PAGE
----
Precision therapy enasidenib effective in treating deadly form of leukemia
Some patients with relapsed or treatment-resistant acute myeloid leukemia, a form of blood cancer for which there are few treatments, may achieve remission with an experimental targeted therapy, according to early trial data published online today in Blood, a Journal of the American Society of Hematology (ASH).
Up to 15 percent of people with AML have a mutation in the IDH2 gene, which prevents their white blood cells from maturing into neutrophils, an integral part of the body's immune system. Instead, these white blood cells become leukemia cells. Unlike standard AML therapies, which aggressively target all white blood cells, the experimental therapy enasidenib inhibits the mutated IDH2 gene, allowing immature white blood cells to naturally mature into neutrophils.
"Instead of killing the rampant white blood cells, this therapy is designed to turn them into normal, healthy cells," said study author Eytan Stein, MD, of Memorial Sloan Kettering Cancer Center in New York.
Of the 239 IDH2 mutation positive AML patients included in this trial, 74 percent had treatment-resistant disease with few or no remaining therapy options available. Of those 176 patients, 71 (40.3%) responded, with 34 (19.3%) achieving complete remission. At data cut-off, patients who achieved a partial response survived a median of 14.4 months, while those who achieved complete response attained 19.7 months.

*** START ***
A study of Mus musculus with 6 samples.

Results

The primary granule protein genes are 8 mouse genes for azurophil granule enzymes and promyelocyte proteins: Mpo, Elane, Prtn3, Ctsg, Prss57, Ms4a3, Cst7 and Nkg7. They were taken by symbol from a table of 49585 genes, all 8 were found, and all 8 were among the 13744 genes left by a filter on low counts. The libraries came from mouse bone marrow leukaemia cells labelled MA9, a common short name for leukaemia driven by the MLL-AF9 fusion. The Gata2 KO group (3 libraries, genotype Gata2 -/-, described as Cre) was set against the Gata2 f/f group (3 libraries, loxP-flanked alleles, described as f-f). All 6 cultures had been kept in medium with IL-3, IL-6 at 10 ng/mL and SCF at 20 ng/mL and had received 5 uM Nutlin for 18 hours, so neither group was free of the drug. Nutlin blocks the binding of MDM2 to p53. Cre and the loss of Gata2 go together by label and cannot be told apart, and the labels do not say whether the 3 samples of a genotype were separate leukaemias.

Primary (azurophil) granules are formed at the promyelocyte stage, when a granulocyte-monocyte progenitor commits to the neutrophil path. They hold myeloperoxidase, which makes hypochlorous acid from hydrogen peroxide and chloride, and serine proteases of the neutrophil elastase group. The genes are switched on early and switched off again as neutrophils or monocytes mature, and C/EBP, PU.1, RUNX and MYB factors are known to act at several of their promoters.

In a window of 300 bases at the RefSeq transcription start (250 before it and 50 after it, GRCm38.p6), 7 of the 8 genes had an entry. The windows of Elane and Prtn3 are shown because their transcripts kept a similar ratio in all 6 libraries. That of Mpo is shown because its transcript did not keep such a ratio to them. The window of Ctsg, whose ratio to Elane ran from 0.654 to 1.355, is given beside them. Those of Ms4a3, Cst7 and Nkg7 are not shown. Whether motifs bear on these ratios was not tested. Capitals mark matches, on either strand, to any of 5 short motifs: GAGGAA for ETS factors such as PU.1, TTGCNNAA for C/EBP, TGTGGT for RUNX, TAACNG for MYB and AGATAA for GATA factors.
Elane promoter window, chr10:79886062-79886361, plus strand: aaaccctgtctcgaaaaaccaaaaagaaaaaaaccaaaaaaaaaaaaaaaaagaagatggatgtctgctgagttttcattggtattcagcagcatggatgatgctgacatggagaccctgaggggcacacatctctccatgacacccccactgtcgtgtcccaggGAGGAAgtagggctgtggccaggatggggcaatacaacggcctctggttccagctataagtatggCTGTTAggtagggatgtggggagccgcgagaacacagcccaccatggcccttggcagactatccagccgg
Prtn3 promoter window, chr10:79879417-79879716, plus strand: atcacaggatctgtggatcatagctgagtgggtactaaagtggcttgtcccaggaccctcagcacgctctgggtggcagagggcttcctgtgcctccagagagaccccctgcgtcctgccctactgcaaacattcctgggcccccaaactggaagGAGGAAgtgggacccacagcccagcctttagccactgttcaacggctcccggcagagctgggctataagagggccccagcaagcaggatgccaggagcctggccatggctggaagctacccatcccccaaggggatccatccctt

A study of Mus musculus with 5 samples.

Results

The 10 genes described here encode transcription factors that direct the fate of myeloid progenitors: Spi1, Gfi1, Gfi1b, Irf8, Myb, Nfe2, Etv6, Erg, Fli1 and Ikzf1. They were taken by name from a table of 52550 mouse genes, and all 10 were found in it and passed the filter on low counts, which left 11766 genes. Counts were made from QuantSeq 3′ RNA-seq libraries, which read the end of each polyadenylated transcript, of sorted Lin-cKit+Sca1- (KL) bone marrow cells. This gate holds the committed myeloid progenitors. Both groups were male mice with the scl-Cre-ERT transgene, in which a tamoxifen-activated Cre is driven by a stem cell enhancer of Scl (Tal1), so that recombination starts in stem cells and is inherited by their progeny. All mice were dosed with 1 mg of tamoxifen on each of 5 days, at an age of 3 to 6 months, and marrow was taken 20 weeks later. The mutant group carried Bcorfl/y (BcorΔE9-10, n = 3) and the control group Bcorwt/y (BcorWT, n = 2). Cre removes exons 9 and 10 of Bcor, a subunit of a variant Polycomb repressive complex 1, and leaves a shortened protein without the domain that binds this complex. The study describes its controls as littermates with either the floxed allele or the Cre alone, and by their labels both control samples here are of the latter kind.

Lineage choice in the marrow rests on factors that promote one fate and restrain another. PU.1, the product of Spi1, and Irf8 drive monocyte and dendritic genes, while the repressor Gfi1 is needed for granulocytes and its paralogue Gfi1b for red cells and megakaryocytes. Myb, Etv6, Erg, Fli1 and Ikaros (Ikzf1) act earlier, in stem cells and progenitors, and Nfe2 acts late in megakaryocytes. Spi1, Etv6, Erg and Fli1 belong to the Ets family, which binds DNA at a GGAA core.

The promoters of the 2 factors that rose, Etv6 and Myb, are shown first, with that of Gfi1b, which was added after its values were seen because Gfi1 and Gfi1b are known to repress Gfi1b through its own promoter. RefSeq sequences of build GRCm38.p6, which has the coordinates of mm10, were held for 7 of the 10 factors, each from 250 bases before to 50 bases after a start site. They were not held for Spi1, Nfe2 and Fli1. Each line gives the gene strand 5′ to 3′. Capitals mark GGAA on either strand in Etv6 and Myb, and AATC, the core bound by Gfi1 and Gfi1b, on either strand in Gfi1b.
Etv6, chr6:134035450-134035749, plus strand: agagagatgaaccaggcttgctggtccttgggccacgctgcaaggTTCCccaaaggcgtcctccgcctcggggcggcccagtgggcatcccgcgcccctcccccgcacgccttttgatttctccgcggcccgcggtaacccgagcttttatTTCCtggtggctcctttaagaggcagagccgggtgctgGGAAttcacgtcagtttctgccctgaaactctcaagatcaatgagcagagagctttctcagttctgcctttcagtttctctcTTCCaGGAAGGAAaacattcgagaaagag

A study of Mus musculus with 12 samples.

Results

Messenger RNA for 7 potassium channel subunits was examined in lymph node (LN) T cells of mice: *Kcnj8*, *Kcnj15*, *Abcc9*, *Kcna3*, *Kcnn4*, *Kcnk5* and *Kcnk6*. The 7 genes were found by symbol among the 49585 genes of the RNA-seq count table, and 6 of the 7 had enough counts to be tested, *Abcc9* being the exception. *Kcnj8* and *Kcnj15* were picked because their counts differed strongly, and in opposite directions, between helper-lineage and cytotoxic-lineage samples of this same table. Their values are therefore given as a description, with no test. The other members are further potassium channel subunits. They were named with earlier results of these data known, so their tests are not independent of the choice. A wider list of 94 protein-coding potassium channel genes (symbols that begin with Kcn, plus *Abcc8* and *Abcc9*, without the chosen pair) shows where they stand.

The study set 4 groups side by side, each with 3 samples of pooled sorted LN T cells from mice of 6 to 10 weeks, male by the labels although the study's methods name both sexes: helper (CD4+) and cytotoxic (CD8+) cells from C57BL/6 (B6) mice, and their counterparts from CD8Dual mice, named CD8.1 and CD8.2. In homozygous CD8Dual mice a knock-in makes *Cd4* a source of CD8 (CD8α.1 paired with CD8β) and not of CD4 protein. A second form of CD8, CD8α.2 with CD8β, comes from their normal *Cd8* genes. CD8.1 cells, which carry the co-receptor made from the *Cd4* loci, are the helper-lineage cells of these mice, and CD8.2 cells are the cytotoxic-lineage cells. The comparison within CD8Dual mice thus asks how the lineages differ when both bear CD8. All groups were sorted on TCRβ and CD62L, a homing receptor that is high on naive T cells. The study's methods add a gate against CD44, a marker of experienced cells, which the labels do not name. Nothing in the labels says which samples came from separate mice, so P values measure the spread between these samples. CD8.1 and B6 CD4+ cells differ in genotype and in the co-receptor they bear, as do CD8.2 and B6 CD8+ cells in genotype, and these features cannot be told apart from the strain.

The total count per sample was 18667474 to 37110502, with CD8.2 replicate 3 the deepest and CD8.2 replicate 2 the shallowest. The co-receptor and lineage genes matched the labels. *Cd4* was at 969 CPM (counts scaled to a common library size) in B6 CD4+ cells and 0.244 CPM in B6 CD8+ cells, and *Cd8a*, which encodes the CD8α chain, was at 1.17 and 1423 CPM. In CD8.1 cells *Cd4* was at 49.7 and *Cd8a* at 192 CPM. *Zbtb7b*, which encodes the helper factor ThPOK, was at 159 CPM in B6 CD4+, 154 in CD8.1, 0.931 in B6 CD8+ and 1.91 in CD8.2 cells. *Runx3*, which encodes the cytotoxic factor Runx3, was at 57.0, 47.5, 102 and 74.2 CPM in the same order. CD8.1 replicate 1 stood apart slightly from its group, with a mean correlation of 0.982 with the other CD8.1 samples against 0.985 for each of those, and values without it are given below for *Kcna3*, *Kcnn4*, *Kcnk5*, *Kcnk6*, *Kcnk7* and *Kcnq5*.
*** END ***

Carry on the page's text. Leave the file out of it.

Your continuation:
Further data collection on these patients will be included in future studies. Overall survival for this group nearly tripled compared to previous studies evaluating other treatments in this patient population, up from 3.3 months to 9.3 months.
"In this early study, the survival benefit of nine months in patients with advanced relapsed or treatment-resistant disease is very significant," noted Dr. Stein. "We are further encouraged to see that there we so few serious adverse events for these patients."
Adverse events included increased bilirubin, nausea, IDH-DS (a buildup of fluid in the body and/or lungs), and a proliferation of white blood cells known as leukocytosis. Two participants who experienced IDH-DS died in the course of treatment. Further trials to assess enasidenib as a frontline therapy, in combination with standard AML treatments, and in treating other mutant IDH2 disorders like myelodysplastic syndrome (MDS) are planned or are ongoing.